Germany and Slovakia consider compulsory vaccination


European Union


A woman walks past a vaccination center in Munich, amid a surge of infections during the ongoing coronavirus pandemic. Photo AFP, Christof Stache

More countries seem to be considering a general obligation to vaccinate within the European Union, following Austria's example. The discussion is in full swing in Germany, and the Prime Minister of Slovakia has also expressed his opinion in this direction.

In Germany, especially in the christian-democratic CDU/CSU, the voices in favour of compulsory vaccination are getting louder and louder, media such as the tagesschau report. Recently, several representatives had shown themselves open to compulsory vaccination, among them Schleswig-Holstein's Prime Minister Daniel Günther and Bavaria's Head of Government Markus Söder.

In the long run, only compulsory vaccination would help, said Söder in the Süddeutsche Zeitung. And in the long run, this is also the way to create social peace. A partial compulsory vaccination would create injustice. "I think we should have the debate now," Söder demanded. Mandatory vaccination would then have to come in time before the next wave.

Way out of the pandemic

Because of the sharply rising corona numbers, Bavaria's Health Minister Klaus Holetschek can also envisage a general vaccination obligation. "I was always actually an opponent of compulsory vaccination," he said on Deutschlandfunk. However, he now believes "that we have to talk about this issue relatively quickly." Compulsory vaccination would not help today or tomorrow, but it was the way out of the pandemic. "I am now in favour of mandatory vaccination as a last resort. It has to be discussed relatively quickly in Berlin - a nationwide solution is needed."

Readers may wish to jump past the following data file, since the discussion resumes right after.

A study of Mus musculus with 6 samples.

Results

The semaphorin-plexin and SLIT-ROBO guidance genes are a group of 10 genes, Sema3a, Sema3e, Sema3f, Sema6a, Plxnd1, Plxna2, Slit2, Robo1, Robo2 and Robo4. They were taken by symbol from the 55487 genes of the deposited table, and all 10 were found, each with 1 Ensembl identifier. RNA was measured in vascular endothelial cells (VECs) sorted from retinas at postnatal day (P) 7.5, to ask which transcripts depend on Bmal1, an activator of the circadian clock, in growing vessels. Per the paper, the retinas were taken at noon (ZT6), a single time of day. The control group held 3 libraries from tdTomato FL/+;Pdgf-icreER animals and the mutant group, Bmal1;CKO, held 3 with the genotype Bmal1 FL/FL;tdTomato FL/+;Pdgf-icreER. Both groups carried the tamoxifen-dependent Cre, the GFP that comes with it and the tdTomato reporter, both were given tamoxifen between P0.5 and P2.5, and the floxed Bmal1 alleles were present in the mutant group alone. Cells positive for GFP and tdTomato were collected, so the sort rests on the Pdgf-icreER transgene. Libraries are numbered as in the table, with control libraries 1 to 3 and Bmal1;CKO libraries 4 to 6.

The social-democratic SPD parliamentary group wants to discuss the pros and cons of compulsory vaccination with scientists such as virologist Christian Drosten in an internal video conference. The SPD health expert Karl Lauterbach, for example, demanded that one should start thinking about compulsory vaccination. "I would no longer rule it out and tend to say: This does not help us acutely now, but we have to approach compulsory vaccination."

The health expert of the Greens in the Bundestag, Janosch Dahmen, also does not want to rule out the debate on a possible compulsory vaccination in Germany if the number of infections increases. If we want to get rid of this pandemic and do not come up with other measures to achieve a sufficient vaccination rate, "we will not be able to avoid this debate," he said in Morgenmagazin of broadcaster ARD. "In this respect, I think it is dishonest to rule it out in principle."


Meanwhile, Prime Minister Eduard Heger of Slovakia has also favoured compulsory vaccination, Euractiv writes. "For me, mandatory vaccination for people over 65 or 60 would be ideal. It depends on the experts. I think that even 50+ would make sense, but let us wait what the experts say," Heger said. He added that he was discussing such an option with constitutional lawyers.

The prime minister stated that he is negotiating with the coalition about the issue. However, he said such a move needs political courage, and the agreement will be difficult to reach. Three parties from the four-party coalition are against mandatory vaccination. Former prime minister Robert Fico and his Smer-Social Democracy already said they would oppose compulsory vaccination in the constitutional court.

Slovakia is facing the worst rate of new coronavirus cases per 1,000 people and a collapsing healthcare system. Hospitals struggle with staff shortages and no free beds equipped with ventilators, meaning doctors must decide whom to save. On top of that, 70 per cent of new positive patients being hospitalised are unvaccinated.